They’ve sold out the Astoria after just two singles, now can The View get London burning?
Like superheroes the lads swagger onstage to their theme tune: a room full of sweat-soaked hoodlums bellowing, “The View! The View! The View are on fire!”, and launch into ‘Comin’ Down’, a bash of guitar that thwacks everyone between the eyes, causing the crowd to respond with the kind of unbalanced moshing usually reserved for kicking-out time at the Dundee Pint’n’Punch. It’s thrilling stuff, and Kyle, Kieren, Peter and Steve’s swooshing curled locks highlight a difference between this lot and any other northern guitar-toting “gritty” four-pieces they might be compared to. Y’see, while the Monkeys arrived dressed more for the swings than the stage, The View are commanding the room like bona fide rock stars.
It’s disappointing then, that after this firecracking opener their set descends into the three-star jaunty indie rock of ‘Dance Into The Night’. But if there’s one way to haul a crowd back to their feet it’s by skyrocketing the absolute anthem that is ‘Wasted Little DJs’, which throws the crowd into rambunctious fits of ecstasy, their crazed limbs crowning the song as the people’s choice in 2006. The Wasted Little DJs themselves, clad in gold, pounce on to the stage during the song, 50 times the cheerleaders that Peaches Geldof will ever be. Of course, by dropping ‘Wasted…’ four songs in they could be shooting their load far too early. Lucky, then, that this is a band with enough belters to keep any boozed-up crowd braying.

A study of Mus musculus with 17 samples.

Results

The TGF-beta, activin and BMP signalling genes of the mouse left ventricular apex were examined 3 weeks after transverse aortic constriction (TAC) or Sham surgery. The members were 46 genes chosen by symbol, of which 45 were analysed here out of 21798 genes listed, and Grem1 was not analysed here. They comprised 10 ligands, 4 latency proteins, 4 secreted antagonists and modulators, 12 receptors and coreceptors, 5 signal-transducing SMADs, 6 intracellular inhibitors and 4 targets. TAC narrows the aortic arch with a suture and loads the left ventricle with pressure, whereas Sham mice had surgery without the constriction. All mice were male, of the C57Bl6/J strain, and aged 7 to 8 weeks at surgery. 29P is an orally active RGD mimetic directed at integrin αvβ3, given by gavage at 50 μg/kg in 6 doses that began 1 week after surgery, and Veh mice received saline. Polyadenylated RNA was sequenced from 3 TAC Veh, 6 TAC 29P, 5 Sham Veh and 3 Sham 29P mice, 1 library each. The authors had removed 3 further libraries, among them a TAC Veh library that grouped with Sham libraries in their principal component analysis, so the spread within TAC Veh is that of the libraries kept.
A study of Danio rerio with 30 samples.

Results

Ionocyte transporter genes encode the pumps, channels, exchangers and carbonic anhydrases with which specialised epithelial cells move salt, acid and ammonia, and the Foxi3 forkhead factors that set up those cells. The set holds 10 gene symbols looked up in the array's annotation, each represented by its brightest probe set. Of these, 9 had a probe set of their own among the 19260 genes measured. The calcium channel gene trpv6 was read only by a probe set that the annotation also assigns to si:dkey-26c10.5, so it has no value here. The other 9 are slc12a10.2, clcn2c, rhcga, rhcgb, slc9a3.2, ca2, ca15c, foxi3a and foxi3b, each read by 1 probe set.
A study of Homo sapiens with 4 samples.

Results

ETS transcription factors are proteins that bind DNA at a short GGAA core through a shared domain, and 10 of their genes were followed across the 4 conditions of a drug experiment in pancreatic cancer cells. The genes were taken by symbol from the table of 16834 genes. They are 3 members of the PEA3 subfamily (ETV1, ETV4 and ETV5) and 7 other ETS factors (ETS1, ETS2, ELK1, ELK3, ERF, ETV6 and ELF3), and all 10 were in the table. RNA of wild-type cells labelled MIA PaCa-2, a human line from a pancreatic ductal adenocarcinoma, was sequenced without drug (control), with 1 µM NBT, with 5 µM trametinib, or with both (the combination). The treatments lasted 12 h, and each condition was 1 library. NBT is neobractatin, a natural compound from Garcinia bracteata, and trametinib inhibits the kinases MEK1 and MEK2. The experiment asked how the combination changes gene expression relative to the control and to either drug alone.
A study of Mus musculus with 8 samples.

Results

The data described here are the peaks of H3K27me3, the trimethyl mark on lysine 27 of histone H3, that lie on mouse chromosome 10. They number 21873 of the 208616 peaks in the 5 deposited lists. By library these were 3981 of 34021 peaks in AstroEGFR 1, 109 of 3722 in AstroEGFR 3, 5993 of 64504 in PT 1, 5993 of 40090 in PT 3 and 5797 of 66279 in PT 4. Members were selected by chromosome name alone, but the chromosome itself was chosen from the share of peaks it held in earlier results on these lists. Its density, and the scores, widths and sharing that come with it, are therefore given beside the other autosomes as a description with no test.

‘Same Jeans’’ hungover, harmonica-led beauty reveals the versatility of the band and confirms that The View have hidden depths – it’s just that most of the time they prefer to rock out, something which they do very, very well. Kieren takes the lead on ‘Skag Trendy’, the chirpiest track you’ll ever hear about a teenager debilitated by drug use, his rasping diction drenching a grateful front three rows in phlegm, before ‘The Don’’s ramshackle burst of energy dries them off again. But tonight there’s something in the air aside from spit – and it isn’t the trilbies of the London trendies being hung on the next big thing. No, the joyous lager fountains and inexplicable group hugging tells us everything – this is a band who connect with the hearts of an audience, this is a band the people can believe in and, like the Libs, Arctics or Oasis before them, this is a band that will tap into the public consciousness on a grand scale. Closing with ‘Superstar Tradesmen’ – a heartbreaking runaway train of squalling guitar that hits the throng like hot Tennant’s to a vein – there’s no need for an encore. No, that’ll come later, when The View take Britain as their own.